Why I like to use walking poles

leki_polesOK. I know it looks strange, but here are a few reasons I like to use walking poles:

  1. If I don’t have a baby or a dog with me, it provides something to talk about with strangers.
  2. It add ten years to the usability of my knees (and ankles, hips, back, feet,…).
  3. Even in the short run, my knees don’t hurt so much after a long walk.
  4. I can fend off small animals.
  5. A stick can be handy for opening gates, picking up objects, making an impromptu tent, or hoisting a flag. See more reasons to carry a walking stick.
  6. I get upper body exercise while walking.
  7. I burn more calories, but don’t even feel that I’m exercising.
  8. I walk faster.
  9. I’m less likely to fall when crossing a stream and stepping on slippery, unstable, rounded rocks, or even just stepping on a wet leaf or going down a bumpy sidewalk.
  10. I can use the same sticks for x-country skiing.
  11. They remind me to get more exercise, and to be outside more, providing a partial escape from the computer screen.
  12. They’re reflective, which makes it much safer to walk at night, especially since they move rapidly in the normal walking motion.
  13. They make me feel that I’m in Finland again.
  14. Using them is similar to using a bicycle or roller blades in that walking is suddenly easier.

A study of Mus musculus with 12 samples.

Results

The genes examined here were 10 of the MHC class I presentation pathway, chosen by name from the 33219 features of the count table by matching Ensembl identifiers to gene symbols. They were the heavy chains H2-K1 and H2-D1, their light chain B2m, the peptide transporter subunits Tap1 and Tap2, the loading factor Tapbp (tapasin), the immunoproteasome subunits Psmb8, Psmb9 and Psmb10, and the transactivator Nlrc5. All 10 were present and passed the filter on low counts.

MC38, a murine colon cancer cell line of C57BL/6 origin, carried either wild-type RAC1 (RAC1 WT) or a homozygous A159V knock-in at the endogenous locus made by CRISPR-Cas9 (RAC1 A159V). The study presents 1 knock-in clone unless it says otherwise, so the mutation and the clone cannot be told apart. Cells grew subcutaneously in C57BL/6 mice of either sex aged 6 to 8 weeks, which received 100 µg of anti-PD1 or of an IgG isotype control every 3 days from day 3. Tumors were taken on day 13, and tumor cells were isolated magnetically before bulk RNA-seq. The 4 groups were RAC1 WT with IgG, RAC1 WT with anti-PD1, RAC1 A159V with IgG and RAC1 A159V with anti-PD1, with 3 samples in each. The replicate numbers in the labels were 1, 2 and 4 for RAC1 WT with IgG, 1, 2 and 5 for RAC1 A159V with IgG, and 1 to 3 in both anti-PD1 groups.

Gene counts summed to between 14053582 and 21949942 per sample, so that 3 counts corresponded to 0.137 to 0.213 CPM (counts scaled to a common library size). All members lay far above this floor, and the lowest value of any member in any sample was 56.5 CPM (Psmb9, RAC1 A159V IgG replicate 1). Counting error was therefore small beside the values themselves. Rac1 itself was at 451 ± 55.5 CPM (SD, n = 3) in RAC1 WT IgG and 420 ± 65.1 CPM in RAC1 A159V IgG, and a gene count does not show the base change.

15. Cars slow down and avoid me more. I’m not sure why. Do they think I’m disabled? that I might strike them with the poles? that I look larger? that I look strange? Whatever it is, I appreciate their response.
  16. They’re a big help going up a steep hill, because you can use your arms to push up.
  17. They provide a measure of safety going downhill.
  18. They’re handy for retrieving a frisbee stuck in a tree, a hat that fell in a stream, or a ball that rolled under a cabinet.
  19. When you’re tired of walking, you can lean on them to rest.
  20. And they’re especially useful for canoeing!

3 thoughts on “Why I like to use walking poles

  1. I don’t know. I use them for all purposes: cross-country skiing, fitness walking, casual walking, and hiking. They’re adjustable for length and have interchangeable tips and baskets for different surfaces.


  2. Hi Chip,

    Are those treking poles or Nordic walking? I took a Nordic walking intro at Champaign surplus, but haven’t invested in poles yet.